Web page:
Garbage fee increase looks almost certain

Published 5:00 am Monday, August 27, 2001

Faced with an almost quarter-million dollar solid waste deficitnext year, Brookhaven aldermen are considering the city’s firstgarbage fee rate increase in at least 10 years.

The amount of the increase, from $1 to a possible $3 a month,has not been decided as city officials review solid wasteexpenditures for the new year that starts Oct. 1. Ward 4 AldermanBob Massengill said no one wants to raise the current $9 a monthfee, but it may be necessary to make solid waste operations breakeven.

“I think we seriously have to consider doing it,” Massengillsaid.


However, city officials are still considering machinerypurchases and employee pay raises that have not been factored intothe budget. Without the machinery purchases, Rudman said a $2.50 amonth increase would cover expenses and allow for a 3 percentemployee raise.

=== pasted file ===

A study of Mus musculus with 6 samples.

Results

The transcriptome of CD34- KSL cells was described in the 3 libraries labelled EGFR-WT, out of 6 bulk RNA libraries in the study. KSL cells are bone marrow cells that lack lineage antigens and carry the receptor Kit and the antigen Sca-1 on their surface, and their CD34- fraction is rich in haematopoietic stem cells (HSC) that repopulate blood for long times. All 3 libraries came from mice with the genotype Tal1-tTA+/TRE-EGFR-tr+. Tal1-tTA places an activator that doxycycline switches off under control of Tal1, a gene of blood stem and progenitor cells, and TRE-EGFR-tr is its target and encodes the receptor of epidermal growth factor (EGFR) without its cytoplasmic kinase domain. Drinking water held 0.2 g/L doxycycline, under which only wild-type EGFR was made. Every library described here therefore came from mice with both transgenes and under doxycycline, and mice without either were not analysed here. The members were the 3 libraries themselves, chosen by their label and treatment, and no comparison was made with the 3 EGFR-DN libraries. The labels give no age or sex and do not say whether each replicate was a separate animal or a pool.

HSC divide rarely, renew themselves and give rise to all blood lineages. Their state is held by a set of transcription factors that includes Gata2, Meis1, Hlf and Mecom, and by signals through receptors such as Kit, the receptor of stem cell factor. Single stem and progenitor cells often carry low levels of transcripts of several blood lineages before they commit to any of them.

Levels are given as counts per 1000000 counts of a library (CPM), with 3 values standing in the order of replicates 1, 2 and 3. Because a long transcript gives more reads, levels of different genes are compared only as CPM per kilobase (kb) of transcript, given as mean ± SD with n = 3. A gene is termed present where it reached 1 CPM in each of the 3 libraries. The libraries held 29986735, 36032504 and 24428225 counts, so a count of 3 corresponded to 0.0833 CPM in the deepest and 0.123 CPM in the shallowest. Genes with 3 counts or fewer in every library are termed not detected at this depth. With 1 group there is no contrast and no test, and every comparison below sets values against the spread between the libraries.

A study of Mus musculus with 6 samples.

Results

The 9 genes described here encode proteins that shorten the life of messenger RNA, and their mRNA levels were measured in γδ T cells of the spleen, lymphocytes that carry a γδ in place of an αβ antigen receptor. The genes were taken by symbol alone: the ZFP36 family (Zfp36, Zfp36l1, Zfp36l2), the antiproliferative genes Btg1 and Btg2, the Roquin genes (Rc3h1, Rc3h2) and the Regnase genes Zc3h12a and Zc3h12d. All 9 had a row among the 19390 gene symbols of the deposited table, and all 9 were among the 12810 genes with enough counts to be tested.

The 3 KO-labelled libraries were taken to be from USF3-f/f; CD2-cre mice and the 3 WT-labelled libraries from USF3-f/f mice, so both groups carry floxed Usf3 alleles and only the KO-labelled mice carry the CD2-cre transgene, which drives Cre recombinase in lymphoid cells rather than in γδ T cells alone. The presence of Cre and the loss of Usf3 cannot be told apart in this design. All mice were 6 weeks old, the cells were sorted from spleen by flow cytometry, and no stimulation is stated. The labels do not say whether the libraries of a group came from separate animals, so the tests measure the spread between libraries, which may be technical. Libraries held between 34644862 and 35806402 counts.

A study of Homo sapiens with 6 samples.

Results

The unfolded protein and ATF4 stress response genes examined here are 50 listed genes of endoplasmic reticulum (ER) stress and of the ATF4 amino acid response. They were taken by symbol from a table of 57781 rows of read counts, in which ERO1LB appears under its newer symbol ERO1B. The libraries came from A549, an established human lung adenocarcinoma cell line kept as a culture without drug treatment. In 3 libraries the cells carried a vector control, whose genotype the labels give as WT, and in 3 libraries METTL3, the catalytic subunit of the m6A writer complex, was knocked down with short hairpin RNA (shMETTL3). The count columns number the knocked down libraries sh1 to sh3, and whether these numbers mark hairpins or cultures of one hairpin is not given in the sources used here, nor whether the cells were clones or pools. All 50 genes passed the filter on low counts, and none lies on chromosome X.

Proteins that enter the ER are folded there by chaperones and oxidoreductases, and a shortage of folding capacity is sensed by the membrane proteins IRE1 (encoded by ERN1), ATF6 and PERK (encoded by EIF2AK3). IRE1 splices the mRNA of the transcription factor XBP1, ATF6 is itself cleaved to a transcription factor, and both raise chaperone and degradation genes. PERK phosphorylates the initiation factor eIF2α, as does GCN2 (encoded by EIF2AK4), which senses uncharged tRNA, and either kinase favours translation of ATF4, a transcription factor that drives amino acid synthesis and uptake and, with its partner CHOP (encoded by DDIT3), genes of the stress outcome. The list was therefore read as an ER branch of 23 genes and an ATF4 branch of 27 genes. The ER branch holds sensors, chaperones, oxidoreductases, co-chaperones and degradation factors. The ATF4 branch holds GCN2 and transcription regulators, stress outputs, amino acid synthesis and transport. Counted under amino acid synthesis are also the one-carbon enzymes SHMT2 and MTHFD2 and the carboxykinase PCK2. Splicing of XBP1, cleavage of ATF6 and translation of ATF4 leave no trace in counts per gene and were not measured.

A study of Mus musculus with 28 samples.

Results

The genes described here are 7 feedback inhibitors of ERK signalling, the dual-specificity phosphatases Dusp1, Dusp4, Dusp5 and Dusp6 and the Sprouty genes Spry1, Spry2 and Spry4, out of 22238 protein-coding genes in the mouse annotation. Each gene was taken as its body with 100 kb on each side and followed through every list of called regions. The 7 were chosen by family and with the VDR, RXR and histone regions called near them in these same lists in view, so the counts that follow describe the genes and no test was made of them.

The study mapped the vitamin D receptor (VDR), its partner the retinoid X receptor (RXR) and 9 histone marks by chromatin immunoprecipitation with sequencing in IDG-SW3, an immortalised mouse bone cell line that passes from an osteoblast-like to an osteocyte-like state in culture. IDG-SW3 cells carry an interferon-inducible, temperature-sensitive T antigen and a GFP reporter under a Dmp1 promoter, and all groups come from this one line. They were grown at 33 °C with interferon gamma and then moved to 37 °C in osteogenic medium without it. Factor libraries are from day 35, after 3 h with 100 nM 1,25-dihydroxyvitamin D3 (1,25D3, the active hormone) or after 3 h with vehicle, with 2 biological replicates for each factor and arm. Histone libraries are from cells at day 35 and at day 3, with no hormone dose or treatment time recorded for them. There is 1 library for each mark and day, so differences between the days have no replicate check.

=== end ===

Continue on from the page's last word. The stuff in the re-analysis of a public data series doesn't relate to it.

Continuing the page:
To maintain twice a week residential service, Ward 2 AldermanTerry Bates said he believes citizens would understand a monthlyrate increase.

“I think the residents want the city cleaned up,” Batessaid.

Mayor Bill Godbold expressed concerns about those citizens withlow incomes who have difficulty paying the current fees.

“That’s what you’ve got to look at: the little man,” Godboldsaid.

City Attorney Joe Fernald offered an observation that rates hadnot risen in at least 10 years, and that garbage pick up is one ofthe few visible city services that people actually see andnotice.

“That more than anything else would be one of the easier thingsto accept…,” Fernald told officials about a rate increase asopposed to a reduction in pick up service. “Cut back on collectingit and you’ll get complaints.”

Since 1996, state law requires solid waste operations to beself-supporting. Solid waste revenue may only come from a four-milltax levy on property taxes, which the city is currently doing, andfrom garbage collection fees.